5 Tips for Proofreading Effectively

What makes good writing? If you judge good writing by the final product, not the first draft, then the key to good writing is proofreading, editing, and re-writing.

To become a better writer, you must become a better editor. Start by honing your proofreading skills in the following ways…

person hands woman pen

Take a break.

For good proofreading, give your eyes and brain a break from what you’ve been writing. Try to step away from a project for at least 24 hours. This lets you come back to it with a refreshed perspective. On a tight deadline, 24 hours may be unrealistic, but even a half-hour break can help.

Get yourself in focus.

Proofreading requires serious concentration. After all, you’re looking for a range of problems, from tiny typos to overall story structure. Make sure you do your proofreading in a place and time that lets you concentrate. Remove distractions, silence your phone, and sit in a quiet, comfortable spot.

Read out loud.

Reading your writing out loud can help you notice typos and awkward phrasing. This technique is especially important for copy that requires a casual, conversational tone. Reading out loud helps you know if the language is too formal or stilted. If it sounds wrong to you, it may sound wrong to the audience. Not sure about what you hear? Ask someone else for their input.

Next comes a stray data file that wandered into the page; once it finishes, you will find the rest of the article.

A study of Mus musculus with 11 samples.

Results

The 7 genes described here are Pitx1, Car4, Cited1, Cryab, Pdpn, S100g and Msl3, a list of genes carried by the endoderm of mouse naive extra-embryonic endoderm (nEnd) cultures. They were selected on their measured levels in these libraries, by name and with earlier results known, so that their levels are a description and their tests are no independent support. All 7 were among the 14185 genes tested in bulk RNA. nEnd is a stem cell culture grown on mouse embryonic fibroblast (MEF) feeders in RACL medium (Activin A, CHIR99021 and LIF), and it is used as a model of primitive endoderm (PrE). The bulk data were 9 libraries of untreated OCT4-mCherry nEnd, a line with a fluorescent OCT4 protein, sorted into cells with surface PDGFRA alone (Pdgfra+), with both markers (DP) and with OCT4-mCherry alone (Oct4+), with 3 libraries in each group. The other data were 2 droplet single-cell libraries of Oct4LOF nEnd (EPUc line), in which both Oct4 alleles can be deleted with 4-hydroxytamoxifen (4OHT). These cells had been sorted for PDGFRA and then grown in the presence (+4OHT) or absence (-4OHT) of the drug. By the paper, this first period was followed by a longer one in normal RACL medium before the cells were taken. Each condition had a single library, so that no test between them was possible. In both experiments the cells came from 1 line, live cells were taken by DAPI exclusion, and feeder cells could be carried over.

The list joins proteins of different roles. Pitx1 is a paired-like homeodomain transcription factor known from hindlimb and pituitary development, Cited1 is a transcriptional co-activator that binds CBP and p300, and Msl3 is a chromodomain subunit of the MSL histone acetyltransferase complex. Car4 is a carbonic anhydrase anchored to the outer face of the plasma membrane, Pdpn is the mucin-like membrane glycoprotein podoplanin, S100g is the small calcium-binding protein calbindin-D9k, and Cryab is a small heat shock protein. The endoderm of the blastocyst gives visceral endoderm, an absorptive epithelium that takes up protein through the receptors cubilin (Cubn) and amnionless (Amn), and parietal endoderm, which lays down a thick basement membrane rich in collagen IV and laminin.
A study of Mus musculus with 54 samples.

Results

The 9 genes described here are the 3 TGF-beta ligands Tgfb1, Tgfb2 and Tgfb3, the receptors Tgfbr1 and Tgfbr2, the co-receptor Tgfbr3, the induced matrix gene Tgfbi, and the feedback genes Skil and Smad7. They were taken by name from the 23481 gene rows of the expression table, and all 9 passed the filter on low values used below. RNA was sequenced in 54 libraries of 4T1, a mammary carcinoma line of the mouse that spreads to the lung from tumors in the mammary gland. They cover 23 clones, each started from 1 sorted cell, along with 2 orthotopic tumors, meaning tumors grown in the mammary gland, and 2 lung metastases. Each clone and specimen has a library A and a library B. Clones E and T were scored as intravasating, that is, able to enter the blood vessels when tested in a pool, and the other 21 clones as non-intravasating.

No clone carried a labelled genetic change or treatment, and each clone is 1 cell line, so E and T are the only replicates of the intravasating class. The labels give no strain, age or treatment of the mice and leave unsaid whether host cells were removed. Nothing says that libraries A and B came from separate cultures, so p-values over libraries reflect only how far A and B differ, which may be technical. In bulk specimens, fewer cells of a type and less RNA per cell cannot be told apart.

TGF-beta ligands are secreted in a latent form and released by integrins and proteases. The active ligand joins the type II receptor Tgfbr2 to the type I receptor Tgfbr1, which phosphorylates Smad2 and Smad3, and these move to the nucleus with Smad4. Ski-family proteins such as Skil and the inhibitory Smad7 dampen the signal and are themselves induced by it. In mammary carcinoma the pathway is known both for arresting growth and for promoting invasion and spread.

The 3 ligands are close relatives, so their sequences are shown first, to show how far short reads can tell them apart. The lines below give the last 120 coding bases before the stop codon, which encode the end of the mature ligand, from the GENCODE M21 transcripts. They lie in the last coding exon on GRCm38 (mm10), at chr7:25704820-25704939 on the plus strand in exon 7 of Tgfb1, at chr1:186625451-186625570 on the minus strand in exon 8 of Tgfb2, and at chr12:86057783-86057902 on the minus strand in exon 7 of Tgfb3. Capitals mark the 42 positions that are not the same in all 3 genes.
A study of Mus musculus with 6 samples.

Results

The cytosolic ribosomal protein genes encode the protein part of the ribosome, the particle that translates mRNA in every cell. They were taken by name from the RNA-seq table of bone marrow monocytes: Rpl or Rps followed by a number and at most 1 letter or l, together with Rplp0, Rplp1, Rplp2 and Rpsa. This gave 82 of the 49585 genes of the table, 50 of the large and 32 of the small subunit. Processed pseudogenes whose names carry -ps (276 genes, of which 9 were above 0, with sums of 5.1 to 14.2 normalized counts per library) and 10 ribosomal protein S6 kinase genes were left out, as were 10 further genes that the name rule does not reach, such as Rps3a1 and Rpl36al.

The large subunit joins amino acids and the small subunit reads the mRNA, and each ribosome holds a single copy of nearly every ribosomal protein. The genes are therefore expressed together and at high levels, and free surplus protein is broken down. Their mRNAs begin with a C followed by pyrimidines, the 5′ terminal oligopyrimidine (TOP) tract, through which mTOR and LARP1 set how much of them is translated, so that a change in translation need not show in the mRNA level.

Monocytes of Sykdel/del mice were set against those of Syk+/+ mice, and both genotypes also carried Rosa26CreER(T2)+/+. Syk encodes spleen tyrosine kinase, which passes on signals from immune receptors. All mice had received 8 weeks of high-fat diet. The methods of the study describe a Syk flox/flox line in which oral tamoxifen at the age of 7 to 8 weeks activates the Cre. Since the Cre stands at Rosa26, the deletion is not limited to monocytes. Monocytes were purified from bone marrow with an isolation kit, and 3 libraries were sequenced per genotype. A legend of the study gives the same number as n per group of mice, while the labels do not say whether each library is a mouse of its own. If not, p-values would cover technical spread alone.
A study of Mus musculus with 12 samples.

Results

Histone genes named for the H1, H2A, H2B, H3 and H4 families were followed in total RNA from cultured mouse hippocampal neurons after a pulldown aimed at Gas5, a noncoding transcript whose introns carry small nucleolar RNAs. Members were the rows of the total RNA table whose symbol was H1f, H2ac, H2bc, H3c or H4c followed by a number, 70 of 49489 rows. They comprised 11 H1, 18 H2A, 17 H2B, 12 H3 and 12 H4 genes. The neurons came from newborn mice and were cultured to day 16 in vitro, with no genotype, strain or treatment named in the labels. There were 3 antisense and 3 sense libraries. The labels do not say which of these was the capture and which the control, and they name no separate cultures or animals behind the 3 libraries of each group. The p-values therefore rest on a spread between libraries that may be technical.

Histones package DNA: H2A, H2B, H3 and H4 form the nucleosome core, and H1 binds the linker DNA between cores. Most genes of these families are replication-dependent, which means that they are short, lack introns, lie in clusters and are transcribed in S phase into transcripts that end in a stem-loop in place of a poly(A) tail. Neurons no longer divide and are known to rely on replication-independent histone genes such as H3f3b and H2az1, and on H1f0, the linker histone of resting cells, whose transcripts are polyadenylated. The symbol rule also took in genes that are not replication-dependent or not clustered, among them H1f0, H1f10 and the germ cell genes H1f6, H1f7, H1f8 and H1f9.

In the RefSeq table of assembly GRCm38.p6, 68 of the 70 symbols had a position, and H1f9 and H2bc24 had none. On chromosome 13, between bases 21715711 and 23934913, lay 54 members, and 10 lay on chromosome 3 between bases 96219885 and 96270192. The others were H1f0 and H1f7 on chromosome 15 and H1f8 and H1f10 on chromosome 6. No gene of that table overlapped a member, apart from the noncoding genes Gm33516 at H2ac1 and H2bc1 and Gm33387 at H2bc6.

man with a beard is leaning against a glass window and reading from a mobile device

Change up the format.

When you focus on the same words on the same page for too long, it’s harder to notice mistakes. Changing the format of your writing gives your brain something new to focus on. Try one of these ideas:

  • When proofreading, change the text font
  • Print out your writing and reread it on paper
  • Proofread on a different device than the one you used to type it
  • Proofread in a different location from where you wrote it

Read backwards.

Reread your work, starting from the last sentence and ending with the first. This helps find typos and other more technical errors in individual words, since you’re less concerned with the flow of information.

Remember: even great writers don’t have a perfect first draft. Don’t be embarrassed by the mistakes you find. Practice these proofreading tips, and no one who sees the finished product will suspect a thing.